France-China statement heralds progress on path to climate conference

Beijing accepts legally binding text with reviews every five years in major breakthrough

A joint statement on climate change signed by France’s president François Hollande and his Chinese counterpart Xi Jinping this week has been hailed as a major step towards agreement at the November 30th-December 11th COP21 climate conference in Paris.

China is watched closely by developing countries which are eager to replicate its rapid economic growth, while avoiding environmental damage. The November 2nd statement "could inspire compromise", says a source close to France's foreign minister Laurent Fabius, who will preside over the conference.

“China is a really important player in this game,” says Céline Ramstein, head of the COP21 project at SciencesPo. “To have them signing on is a powerful political symbol.”

The 21-article text painstakingly respects the delicate balance between the interests of developed and developing countries. The French are determined not to repeat the Danish mistake at the last climate change summit in 2009, of attempting to impose its own text at the conference.


In a major breakthrough, Xi this week signed on to a review clause that would require all parties to increase their commitments every five years. The clause is one of the main ambitions of the French, because without it there is no hope of limiting the rise in world temperatures to 2 degrees by 2100.

The review clause is opposed by India, Saudi Arabia and Turkey, but with the EU, US and China supporting it, they may be forced to concede.

If an accord is announced on December 11th, it will not take effect until 2020. Paris also obtained Chinese acceptance of a “facilitating dialogue” to take stock of progress in 2017-18. China’s endorsement of the call for a “legally binding” accord is also seen as significant progress.

Article 5 begins to break down the rigid delineation between developed and developing countries, as defined in the UN Framework Convention on Climate Change. Until now, only developed countries had obligations, while developing countries were asked to act on a volunteer basis. The Franco-Chinese statement foresees that the latter will “progressively orient themselves towards quantifiable reductions or limitations in emissions”.

In other signs of compromise, China allowed an OECD report which was rejected by the G77 to be mentioned, and supported the position that funding for energy transition in the developed world must be private as well as public.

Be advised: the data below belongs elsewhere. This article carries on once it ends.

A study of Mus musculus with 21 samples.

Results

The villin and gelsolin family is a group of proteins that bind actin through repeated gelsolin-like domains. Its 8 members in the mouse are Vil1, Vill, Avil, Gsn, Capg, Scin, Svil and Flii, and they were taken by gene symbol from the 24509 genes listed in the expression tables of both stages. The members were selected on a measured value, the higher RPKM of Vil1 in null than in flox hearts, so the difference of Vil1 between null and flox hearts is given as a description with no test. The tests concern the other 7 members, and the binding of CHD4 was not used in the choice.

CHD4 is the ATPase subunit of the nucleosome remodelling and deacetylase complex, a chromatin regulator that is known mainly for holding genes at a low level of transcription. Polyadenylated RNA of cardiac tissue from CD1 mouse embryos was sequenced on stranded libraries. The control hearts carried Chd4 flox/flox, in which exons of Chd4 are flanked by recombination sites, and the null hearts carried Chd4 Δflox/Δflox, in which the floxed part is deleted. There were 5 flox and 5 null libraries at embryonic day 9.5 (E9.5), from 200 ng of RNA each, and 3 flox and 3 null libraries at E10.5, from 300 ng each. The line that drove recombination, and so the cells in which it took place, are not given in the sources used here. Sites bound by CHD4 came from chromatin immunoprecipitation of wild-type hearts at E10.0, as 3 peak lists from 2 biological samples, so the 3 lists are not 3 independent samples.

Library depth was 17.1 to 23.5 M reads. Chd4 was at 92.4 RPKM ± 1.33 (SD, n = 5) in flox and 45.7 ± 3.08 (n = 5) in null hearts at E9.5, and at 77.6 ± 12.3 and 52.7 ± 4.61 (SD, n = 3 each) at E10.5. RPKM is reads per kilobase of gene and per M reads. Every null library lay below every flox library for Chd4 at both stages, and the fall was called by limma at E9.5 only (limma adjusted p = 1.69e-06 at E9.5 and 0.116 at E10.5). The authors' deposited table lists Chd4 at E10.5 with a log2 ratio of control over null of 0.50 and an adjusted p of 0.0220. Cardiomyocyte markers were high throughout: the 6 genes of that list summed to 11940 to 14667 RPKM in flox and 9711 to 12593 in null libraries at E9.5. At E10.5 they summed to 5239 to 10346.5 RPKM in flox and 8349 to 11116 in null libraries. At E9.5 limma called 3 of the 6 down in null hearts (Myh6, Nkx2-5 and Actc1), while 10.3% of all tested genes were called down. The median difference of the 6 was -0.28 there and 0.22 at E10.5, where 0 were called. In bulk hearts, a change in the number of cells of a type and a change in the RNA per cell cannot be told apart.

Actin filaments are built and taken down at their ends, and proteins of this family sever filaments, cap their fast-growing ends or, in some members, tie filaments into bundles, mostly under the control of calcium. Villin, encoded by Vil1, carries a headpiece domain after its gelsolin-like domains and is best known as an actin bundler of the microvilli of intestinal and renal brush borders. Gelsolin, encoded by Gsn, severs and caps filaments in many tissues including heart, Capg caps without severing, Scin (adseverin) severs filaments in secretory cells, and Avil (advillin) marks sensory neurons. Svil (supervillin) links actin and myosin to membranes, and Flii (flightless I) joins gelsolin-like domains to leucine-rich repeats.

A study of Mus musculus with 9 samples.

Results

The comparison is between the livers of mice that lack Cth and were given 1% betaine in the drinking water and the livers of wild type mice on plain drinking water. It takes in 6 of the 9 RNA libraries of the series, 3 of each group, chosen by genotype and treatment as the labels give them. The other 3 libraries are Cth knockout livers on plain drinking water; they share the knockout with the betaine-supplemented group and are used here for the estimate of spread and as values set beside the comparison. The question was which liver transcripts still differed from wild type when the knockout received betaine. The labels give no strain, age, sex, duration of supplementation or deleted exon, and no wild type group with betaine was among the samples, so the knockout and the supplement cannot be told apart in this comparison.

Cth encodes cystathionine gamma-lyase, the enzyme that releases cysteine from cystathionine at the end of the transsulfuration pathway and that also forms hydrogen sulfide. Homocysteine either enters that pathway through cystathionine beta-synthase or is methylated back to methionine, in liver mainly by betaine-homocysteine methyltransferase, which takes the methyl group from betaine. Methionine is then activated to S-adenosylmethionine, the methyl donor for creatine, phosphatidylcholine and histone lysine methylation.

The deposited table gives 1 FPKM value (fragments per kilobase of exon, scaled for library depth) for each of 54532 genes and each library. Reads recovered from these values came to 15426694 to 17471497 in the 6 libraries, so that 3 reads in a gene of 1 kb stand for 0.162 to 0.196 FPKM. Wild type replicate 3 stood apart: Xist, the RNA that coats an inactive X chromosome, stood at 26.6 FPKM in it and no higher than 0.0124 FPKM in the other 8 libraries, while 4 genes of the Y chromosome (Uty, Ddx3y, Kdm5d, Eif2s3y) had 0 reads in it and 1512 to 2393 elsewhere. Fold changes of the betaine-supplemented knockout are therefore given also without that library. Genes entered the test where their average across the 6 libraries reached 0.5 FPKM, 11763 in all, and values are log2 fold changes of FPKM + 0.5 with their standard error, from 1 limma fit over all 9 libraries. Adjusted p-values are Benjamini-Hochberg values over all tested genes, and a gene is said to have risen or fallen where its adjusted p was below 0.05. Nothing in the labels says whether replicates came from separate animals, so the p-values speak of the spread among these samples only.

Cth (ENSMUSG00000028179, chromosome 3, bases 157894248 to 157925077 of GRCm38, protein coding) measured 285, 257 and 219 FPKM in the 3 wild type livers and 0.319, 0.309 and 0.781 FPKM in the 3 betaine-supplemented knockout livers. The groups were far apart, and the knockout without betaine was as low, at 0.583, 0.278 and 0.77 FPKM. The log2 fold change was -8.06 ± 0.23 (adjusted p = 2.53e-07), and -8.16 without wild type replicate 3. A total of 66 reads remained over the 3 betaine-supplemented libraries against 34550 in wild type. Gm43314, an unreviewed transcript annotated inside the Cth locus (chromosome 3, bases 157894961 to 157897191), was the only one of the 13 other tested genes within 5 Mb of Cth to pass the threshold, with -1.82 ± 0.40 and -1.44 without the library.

The joint statement “didn’t just happen”, notes the source close to Fabius. The French foreign minister has visited China 12 times in 18 months. In the run-up to the Beijing signing, he received Chinese negotiators twice in person, then spent two 45-minute sessions on the telephone with them, going through the text, word by word. “It was touch and go,” says the foreign ministry source.

The day after the joint statement, the New York Times revealed that China has for years underestimated the amount of coal it burns by up to 17 per cent. French officials see the news in the context of the Franco-Chinese call for "improved transparency".

"The International Energy Agency said that in 2014, global emissions did not increase, for the first time," notes a French diplomat. "The main reason is because China is slowing its coal carbon emissions."

At the same time, Chinese statisticians are improving their methods. “What happened in China will strengthen the debate [at COP21] on verification measures,” the diplomat predicted.

“The Chinese want to be dealmakers at COP21,” she continued. “They’ve been positioning themselves for the past year. They were telling us for a long time that they wanted to make a really substantial joint declaration that would create a decisive impetus.”

Xin Wang, China researcher at SciencesPo’s COP21 project, notes that China has adopted a much more assertive foreign policy under President Xi. However, severe air, ground and water pollution is the main motivation for the country’s recent espousal of an “ecological civilisation”, enshrined in the communist party’s five-year plan.

“Pollution has become a threat to social stability, which is the leading concern of the party,” Wang says. China’s economic slowdown is also a factor. “The transition to a low carbon, green economy is considered a sustainable driver for economic growth.”

The Chinese public are being reminded that nature was respected in ancient China. “It makes the idea more acceptable, because people say, ‘This is something from our ancestors’,” says Wang.

Ramstein says the Chinese feel aggrieved to be constantly denounced as the world’s leading carbon emitter when, on a per capita basis, they rank seventh. In a related debate, she asks: “Can we really blame China for the emissions they create producing goods we consume?”